Liverpool and the next evolution when it comes to their front line is a topic that will not go away.
Rumours surrounding Jadon Sancho returned last week, and certainly, the Borussia Dortmund winger would be ideal.
Even at £80m or whatever it would take, there is a reasonable argument that he could provide good long-term value as a possible successor - long-term - to Mohamed Salah and Sadio Mane.
But cheaper, more cost-effective players would appear to be more likely Liverpool additions, in the mould, perhaps, of Diogo Jota, who cost an initial £41m when he was signed from Wolves last summer.
Then there is Harvey Elliott to consider from next season onwards, with the winger on loan at Blackburn now more than ready to play a regular part come the new campaign.
In all likelihood, though, another signing will be required, be that this summer - more than likely, if Divock Origi and Xherdan Shaqiri were to move on - or in future to supplement those options.
And that is where Bayer Leverkusen starlet Florian Wirtz - already being dubbed the 'new Kai Havertz' - could come into the equation.
"He turned 18 just a few days ago, so he is as young as they come," said Josh Williams on the Analysing Anfield podcast.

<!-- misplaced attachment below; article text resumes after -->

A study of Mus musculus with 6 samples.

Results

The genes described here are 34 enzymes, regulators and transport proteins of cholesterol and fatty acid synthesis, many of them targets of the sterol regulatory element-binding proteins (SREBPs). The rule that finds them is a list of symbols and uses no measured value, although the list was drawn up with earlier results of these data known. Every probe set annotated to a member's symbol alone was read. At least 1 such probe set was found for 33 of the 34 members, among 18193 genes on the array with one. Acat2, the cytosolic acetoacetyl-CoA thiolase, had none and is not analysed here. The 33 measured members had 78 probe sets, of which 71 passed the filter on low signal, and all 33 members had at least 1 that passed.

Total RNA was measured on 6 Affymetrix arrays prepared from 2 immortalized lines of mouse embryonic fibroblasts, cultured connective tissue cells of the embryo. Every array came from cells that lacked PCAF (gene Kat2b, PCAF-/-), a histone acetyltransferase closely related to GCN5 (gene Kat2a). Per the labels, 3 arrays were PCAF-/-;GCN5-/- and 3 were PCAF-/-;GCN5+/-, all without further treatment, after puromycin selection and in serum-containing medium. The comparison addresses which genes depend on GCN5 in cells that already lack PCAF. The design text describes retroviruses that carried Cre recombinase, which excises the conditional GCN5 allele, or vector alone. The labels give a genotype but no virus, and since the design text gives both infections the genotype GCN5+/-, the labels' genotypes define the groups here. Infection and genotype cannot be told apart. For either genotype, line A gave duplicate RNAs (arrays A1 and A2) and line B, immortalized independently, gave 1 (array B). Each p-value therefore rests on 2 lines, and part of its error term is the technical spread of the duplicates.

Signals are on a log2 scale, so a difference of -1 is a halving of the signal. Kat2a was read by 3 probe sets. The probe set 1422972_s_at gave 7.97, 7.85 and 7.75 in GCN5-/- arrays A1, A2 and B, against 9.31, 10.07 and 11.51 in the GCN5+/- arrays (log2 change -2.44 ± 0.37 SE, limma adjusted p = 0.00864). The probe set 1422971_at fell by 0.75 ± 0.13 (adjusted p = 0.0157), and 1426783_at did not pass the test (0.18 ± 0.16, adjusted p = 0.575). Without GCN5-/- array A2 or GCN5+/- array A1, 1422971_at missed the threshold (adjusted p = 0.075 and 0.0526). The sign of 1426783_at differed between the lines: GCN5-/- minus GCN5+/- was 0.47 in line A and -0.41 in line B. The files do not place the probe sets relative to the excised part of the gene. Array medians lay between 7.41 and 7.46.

"But despite that, he has already accumulated over 2000 minutes in the Bundesliga, so in terms of establishing himself, he is right up there.
"But the fact he was getting called up anyway to the senior side at 17 captures his potential.
"He can play on the wing, as a centre-forward and as a central midfielder so he is a bit like Havertz.
"He is not as good as Havertz, but he reminds me of Havertz in that regard, who was at Leverkusen himself and was playing everywhere."
But they were never going to pay the £75m or so that Chelsea were prepared to for the German starlet.
In Wirtz, though, there could be an alternative, with the player himself acknowledging the comparisons, which, given the club he represents, were almost inevitable.
"In training, I try to emulate how [Havertz] acts in front of goal and how he moves between the spaces," said Wirtz.
"It's an incentive for me to become even better than Kai. I always want to be the best and hate to lose."
With the way that he is playing, until last week at the age of just 17, hype surrounding his performances is inevitable too.
Even when Havertz was still at Leverkusen, he was getting regular minutes in the side - not long having turned 16 back then - for a team that only missed out on the Champions League spots by two points last season.
"Wirtz was one I picked up on last season when the first football back after the pandemic stopped play was the Bundesliga and he stood out to me," Williams continued.
"This season he is playing a little bit deeper and has four league goals and six assists, which is difficult to determine how good that is considering he is basically playing everywhere, but it is a decent return.
"He is a player that maybe not any time soon, because he has signed a six-year deal with Leverkusen.
"But in the future, it will be intriguing to see what he is like when he is 24 - with another six years of development."